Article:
Chatham University’s chief academic officer is resigning to take a job in Florida, officials confirmed today.
Wenying Xu, vice president for academic affairs who came to Chatham from Florida 21 months ago, is returning to that state to become provost at Jacksonville University, a private institution with 4,200 students, Chatham spokesman Bill Campbell said.
Her departure is effective early next month.
Ms. Xu’s resignation follows by one week a vote by Chatham trustees to admit men into the undergraduate women’s college. Her departure means a replacement will be needed to oversee the university-wide reorganization of academic programs set to occur as Chatham transitions to coed in fall 2015.
The departure also comes eight days after the Karol Dean, the women’s college dean, announced she will leave May 23 to become dean of the School of Social and Behavioral Sciences at Mercy College in New York.
Ms. Xu could not immediately be reached for comment.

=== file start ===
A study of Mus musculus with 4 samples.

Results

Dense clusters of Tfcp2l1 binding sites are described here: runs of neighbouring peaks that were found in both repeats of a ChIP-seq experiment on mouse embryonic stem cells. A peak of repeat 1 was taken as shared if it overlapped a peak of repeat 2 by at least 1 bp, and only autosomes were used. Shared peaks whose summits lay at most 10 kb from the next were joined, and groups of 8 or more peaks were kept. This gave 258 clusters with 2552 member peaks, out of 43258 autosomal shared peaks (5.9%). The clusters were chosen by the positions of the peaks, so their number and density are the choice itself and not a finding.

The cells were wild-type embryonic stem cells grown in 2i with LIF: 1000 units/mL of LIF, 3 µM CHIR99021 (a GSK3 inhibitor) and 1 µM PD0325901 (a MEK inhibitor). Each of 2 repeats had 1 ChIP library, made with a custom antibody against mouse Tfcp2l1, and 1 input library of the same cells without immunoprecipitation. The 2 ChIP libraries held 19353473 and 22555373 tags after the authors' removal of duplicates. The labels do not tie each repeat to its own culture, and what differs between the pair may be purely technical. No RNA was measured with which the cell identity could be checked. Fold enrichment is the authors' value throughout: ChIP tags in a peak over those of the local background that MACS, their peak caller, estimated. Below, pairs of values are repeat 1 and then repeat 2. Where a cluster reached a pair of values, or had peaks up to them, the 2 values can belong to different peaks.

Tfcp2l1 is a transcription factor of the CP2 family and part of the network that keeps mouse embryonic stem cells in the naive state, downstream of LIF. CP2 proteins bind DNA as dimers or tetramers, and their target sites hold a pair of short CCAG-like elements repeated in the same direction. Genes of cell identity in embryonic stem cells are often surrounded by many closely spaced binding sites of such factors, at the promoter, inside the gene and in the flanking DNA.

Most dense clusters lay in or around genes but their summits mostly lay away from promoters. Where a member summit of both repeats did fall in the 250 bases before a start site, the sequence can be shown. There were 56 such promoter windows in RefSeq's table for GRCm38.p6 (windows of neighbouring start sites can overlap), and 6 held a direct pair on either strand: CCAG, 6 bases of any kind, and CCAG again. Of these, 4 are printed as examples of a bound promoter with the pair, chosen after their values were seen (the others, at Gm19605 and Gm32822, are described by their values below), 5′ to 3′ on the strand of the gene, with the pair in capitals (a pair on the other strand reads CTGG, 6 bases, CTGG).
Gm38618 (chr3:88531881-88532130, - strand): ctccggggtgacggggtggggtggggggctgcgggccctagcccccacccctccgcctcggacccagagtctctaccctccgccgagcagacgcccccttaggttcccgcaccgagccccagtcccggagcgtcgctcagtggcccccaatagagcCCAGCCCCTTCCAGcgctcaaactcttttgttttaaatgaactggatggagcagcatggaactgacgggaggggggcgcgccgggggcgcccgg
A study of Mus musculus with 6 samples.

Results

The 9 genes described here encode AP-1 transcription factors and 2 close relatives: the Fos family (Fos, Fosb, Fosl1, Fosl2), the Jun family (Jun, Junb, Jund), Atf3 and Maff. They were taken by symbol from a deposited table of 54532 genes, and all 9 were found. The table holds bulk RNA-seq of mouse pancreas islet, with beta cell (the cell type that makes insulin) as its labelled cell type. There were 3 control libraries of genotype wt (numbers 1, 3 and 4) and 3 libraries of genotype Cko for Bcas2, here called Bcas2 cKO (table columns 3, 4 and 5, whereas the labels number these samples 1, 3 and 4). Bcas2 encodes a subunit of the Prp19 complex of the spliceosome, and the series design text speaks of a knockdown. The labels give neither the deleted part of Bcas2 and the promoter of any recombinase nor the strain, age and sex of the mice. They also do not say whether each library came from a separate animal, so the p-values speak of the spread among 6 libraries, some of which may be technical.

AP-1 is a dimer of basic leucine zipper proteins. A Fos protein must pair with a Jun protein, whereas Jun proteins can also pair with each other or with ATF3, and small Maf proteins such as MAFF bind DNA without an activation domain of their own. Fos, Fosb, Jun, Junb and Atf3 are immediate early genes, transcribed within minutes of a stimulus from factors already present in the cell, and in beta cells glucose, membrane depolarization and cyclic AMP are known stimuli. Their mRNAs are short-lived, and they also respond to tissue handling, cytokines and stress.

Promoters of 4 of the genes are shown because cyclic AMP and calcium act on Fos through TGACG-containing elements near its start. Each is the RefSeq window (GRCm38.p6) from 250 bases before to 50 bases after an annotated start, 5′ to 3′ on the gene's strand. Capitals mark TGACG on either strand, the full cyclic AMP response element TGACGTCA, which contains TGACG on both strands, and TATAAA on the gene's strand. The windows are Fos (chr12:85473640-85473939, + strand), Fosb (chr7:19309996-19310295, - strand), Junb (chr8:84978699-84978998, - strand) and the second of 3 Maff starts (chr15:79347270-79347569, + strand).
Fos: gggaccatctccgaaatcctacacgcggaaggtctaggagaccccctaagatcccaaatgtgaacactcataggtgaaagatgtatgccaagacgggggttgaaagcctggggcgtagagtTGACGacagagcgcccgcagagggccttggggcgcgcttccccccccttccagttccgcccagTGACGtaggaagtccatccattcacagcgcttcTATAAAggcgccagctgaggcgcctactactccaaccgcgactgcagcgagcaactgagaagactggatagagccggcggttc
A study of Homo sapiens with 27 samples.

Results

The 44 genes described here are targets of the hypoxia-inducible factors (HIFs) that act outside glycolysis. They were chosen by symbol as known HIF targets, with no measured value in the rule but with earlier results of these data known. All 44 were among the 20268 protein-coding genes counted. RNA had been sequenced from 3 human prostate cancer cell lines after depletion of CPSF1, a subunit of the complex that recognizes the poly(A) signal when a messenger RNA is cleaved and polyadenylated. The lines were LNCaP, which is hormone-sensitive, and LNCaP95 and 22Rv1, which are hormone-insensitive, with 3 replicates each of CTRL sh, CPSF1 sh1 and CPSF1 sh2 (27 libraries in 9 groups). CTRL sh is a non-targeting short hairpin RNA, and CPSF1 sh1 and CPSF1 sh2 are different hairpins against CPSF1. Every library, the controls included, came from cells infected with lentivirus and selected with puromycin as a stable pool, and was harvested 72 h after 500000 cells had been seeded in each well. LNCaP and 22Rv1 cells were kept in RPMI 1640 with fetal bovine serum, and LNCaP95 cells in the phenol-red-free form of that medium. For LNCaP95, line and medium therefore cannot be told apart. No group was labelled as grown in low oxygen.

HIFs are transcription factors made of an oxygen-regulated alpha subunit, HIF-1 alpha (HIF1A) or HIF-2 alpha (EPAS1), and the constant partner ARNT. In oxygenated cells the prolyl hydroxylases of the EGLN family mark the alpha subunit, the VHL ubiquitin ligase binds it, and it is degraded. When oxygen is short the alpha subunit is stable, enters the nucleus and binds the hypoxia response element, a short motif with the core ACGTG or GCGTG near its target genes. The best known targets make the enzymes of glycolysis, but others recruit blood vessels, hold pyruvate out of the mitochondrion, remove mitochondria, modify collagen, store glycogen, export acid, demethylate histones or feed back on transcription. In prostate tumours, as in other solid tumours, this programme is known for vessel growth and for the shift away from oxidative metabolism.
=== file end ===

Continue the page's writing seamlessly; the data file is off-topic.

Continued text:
“She has a husband and a son who live in Florida, and she is moving down for an opportunity at a larger university and to be closer to her family,” Mr. Campbell said.
He said the departure is unrelated to the coed decision and that, in fact, Ms. Xu has supported it.
He said a search for a replacement will be undertaken and that an interim has not yet been selected. He said faculty have been involved with realignment discussions since last Thursday’s coed vote, and that Chatham President Esther Barazzone has expressed interest in being active in those deliberations.
Prior to joining Chatham in August 2012, Ms. Xu served as professor and chair of English and interim associate dean of the Dorothy F. Schmidt College of Arts and Letter at Florida Atlantic University in Boca Raton, Fla., according to Chatham.
Chatham University has nearly 2,200 students. It has admitted men as graduate students for decades, but its undergraduate college has enrolled only women since its founding 145 years ago.
Officials said the move from women’s only to coed was needed to reverse enrollment and financial losses and follows similar decisions by other women’s institutions. Nevertheless, a group of Chatham alumnae actively resisted the transition, saying Chatham had not adequately explored alternative ways to attract more women.